What’s in a hedgerow? More than you think!


dormouse_hedgeHot on the heels of Grown in Britain week, this month’s blog takes a closer look at our hedgerows.   Find out a little more about all the hidden treasures you get when you plant and look after a hedge…what’s in YOUR hedge?

What’s in a hedgerow?

Once you’ve planted and established your hedging, you get a whole lot more than you bargained for.  Here’s a little snapshot of all that’s wrapped up in British hedgerows….

  • Shelter:  For wildlife, hedgerows link small woods and create nature’s corridors – a safe haven and great cover for pheasants and partridges to disperse around farms.
  • Food:  Likewise, birds, insects and small mammals thrive on the sustenance from berries and foliage in their native hedgerows.
  • History:   From Roman times onwards, new hedges were planted on and off until the mid-18th century when hedge planting mushroomed following the introduction of the Enclosures Act.    These hedgerows shape our British landscape and form a network of historical horticulture across the country.  After the Second World War, it is now recognised that the government went too far with their policy of financially incentivising hedge removal.  Thankfully now, there are grants available to encourage new hedge planting and the protection of existing hedgerows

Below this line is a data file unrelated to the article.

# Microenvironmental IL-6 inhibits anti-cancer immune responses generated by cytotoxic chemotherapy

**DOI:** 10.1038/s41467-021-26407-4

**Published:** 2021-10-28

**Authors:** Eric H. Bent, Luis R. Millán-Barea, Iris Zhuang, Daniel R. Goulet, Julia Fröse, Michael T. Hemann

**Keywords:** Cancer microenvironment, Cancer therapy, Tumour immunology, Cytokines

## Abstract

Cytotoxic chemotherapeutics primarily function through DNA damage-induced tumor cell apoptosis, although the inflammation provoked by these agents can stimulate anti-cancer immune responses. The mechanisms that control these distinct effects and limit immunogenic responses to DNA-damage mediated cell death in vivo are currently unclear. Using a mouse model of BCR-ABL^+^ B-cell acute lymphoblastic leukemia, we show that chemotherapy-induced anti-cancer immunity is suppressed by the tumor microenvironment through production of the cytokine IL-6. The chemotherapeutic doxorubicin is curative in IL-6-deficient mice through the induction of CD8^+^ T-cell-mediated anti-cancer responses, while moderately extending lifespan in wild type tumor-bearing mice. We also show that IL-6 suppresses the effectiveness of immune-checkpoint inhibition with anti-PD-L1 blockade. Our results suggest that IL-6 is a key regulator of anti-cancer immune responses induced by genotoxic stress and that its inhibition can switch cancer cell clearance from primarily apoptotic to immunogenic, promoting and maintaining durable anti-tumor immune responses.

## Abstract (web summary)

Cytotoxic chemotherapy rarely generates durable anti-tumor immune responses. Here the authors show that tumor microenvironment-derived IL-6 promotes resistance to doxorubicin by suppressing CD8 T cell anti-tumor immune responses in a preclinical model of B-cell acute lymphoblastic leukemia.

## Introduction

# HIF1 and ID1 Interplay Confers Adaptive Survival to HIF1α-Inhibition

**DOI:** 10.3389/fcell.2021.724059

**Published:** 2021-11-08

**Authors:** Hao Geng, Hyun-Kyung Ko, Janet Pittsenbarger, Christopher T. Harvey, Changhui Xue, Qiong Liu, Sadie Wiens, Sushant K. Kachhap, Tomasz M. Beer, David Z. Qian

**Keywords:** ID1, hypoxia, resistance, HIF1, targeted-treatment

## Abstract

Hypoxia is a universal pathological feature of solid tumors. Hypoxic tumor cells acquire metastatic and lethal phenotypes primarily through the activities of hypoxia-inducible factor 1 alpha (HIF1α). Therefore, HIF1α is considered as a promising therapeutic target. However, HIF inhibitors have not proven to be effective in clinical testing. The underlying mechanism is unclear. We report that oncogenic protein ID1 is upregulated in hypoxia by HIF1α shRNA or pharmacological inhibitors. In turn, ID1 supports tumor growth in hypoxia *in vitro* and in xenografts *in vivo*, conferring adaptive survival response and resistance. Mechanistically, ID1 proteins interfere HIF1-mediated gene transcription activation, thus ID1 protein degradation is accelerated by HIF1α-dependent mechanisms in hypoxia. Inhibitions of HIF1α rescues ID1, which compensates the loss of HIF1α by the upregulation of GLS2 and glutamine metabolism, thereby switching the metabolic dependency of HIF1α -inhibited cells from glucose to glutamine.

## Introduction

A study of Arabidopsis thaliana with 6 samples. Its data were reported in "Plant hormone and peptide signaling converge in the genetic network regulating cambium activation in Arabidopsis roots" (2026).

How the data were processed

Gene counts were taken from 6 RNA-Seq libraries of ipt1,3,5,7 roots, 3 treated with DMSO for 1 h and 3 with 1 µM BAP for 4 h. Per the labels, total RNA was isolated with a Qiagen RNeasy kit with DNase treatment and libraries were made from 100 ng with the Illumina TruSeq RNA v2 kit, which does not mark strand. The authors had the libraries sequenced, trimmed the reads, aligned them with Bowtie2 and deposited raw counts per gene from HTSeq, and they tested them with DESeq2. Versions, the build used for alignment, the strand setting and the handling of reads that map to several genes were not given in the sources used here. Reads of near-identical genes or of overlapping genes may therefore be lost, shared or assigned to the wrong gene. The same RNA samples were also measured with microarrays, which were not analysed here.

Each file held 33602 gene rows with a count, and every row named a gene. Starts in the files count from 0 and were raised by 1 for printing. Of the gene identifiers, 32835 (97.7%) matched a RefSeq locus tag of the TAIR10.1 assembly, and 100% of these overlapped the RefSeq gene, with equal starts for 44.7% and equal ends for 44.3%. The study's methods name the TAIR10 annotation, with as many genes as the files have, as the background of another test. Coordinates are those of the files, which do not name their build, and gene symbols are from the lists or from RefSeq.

• Wind Protection: hedges provide shelter for stock and crops, cutting down wind speed which in turn helps prevent erosion
  • Pest Control:  Hedging acts as an overwinter hotel for predatory insects which can move into crops in the spring when aphid numbers start to increase.  Their barrier effect helps restrain windborne pests, too.
  • Pollination:   Insects, particularly bumblebees, need hedge banks and their benefits for crop pollination are legendary!

Isn’t it time you thought about hedging for your garden?  For more information about the importance of hedge planting and financial advice, grants and support to help you get started, here are some of the key organisations to contact:

  • Farming and Wildlife Advisory Group: offering site-specific advice for farmers and potential to gain additional help through Countryside Management Projects
  • Your local Wildlife Trust : for gardens, paddocks and private non-farming estates.
  • Natural England:  Environmental Stewardship is a land management scheme that provides funding to farmers and land managers to delivery effect environmental management on their land
  • Your local authority:  Grants may also be available locally for hedge planting and management.
  • Forestry Commission:  A whole host of woodland grants are under the English Woodland Grant Scheme

Act now – you can pre-order your bare root plants, ready for the Winter and save 15%!